Just before spring break, I testified before members of the school funding task force. Now that our kids are settled back into the classroom and I'm settled back in at work, I can't help but return my thoughts to those who we're failing -- specifically the 51% of the 60,000 students learning English. It doesn't have to be that way, and I think you'll see why in my testimony:
As you know, there has been a rapid and dramatic increase in the number of children in Oregon schools who come from homes where English is not the first language. In the ten years from 1998-2008, Oregon’s ELL enrollment grew 120%. Today, there are 60,000 English Language Learners in Oregon schools--11% of total enrollment.
The achievement gap between ELL students and their native-English-speaking peers is breathtaking. In the 2011-12 school year alone:
- Just 36% of ELL students met benchmark on 3rd grade OAKS reading tests, and just 38% met benchmark for math.
- At the 8th grade level, only 9% of ELL students met benchmark for reading and 22% for math.
- As measured by NAEP, Oregon’s achievement gap between ELLs and native speakers in reading is worse than national averages.
- Oregon’s 4-year cohort graduation rate for ELL students was just 49% -- compared to 70% for native speakers.
As you are also no doubt aware, Oregon’s school funding formula currently provides districts with an additional .5 funding weighting for ELL students.
The fact that academic results for Oregon’s ELLs are poor, stagnant, and worse than most other states creates an imperative to re-examine how we are funding and practicing ESL instruction in this state.
Unfortunately, the manner in which we connect funding to ELL status provides a perverse incentive for a school district to keep a student in an ELL program, or worse, financially rewards districts for students’ failure to progress. To frame it more generously, there is no reward to a district in which English Language Learners achieve English proficiency at an above average rate.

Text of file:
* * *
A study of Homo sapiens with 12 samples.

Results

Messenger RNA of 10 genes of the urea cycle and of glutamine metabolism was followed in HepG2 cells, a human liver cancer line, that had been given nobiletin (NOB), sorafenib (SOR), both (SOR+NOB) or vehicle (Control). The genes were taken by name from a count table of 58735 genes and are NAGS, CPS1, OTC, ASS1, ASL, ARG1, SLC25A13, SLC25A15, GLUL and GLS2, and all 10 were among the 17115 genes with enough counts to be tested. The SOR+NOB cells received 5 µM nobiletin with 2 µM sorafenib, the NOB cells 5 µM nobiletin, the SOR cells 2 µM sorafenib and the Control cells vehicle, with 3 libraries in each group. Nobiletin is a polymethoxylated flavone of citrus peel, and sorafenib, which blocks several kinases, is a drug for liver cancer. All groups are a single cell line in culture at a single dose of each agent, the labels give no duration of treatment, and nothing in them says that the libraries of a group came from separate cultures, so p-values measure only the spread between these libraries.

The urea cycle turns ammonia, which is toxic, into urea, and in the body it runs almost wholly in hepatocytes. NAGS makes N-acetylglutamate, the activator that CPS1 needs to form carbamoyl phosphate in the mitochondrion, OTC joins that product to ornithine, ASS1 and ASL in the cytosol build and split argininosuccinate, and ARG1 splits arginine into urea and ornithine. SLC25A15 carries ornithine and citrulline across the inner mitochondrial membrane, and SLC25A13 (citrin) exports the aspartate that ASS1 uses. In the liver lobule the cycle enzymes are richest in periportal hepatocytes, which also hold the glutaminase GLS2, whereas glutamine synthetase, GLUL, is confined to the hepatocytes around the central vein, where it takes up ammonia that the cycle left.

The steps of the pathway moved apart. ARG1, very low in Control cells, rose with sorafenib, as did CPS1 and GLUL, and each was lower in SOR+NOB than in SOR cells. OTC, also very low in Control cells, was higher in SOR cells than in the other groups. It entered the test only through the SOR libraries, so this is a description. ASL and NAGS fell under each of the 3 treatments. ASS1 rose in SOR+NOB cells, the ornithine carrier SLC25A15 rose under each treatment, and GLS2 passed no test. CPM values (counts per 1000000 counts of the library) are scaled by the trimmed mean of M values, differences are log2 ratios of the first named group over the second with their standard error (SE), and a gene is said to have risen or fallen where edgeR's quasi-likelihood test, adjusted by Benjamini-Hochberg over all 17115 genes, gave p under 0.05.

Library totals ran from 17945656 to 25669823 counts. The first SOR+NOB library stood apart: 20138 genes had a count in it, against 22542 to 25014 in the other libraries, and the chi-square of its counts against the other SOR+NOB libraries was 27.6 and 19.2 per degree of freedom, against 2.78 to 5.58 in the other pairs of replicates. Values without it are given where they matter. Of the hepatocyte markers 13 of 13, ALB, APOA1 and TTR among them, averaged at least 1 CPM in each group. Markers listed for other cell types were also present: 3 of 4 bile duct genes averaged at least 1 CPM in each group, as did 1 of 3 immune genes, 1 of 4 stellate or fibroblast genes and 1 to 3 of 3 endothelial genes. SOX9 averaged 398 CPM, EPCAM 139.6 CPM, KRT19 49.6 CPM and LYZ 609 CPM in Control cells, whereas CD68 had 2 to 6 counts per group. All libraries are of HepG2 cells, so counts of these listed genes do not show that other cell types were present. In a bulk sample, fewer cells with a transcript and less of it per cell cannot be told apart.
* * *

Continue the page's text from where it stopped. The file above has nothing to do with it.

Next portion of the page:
All of these problems are compounded by the fact that monitoring of how districts use ELL funding is minimal, especially compared to other categories of supplemental funding. This lack of transparency and accountability breeds community mistrust.
The perverse incentive is not news. We have known for years that this was an unintended negative consequence of the original funding formula. What is news is that we now have data that conclusively demonstrate that we are in fact paying for exactly what we don’t want.
The Oregon Department of Education recently released a report that looks at cohort graduation rates for Oregon’s English Language Learners. The report clearly shows that when English Language Learners exit ELL instruction programs before high school, they are academically successful. In fact, English Language Learners who exit ELL programs before entering high school graduate at higher rates than Oregon’s native speakers.
However, when those students don’t exit by high school, when they become long-term ELLs, their graduation rates plummet to below 50%. And yet, we continue to provide a district an additional .5 weight for these long-term ELLs, for as many as there are and as long as they persist, without so much as questioning why students are not progressing.
The Tigard Tualatin School District, to its credit, recently reported to its school board that 14% of its English Language Learners have been in ELD instruction for at least 7 years. The district called that statistic ‘highly problematic’ and has undertaken a comprehensive, district-wide review of ELD program.
It is our hope that this committee will tackle the problem of the state’s funding of ELL instruction with a similar degree of transparency and urgency.
ODE’s data makes it clear that when we give children high quality English-language instruction in the early grades, the payoff as measured by high school graduation rates is enormous.
It’s imperative for these children, and for the economic future of our state, that our school districts are focused on successfully exiting students from ELL programs in a timely fashion. Modifying the school funding formula to align with this objective is absolutely critical public policy.
It’s time for Oregon to join the ranks of states that are improving academic outcomes for English Language learners. These students have proven that when we do our part, they will do theirs.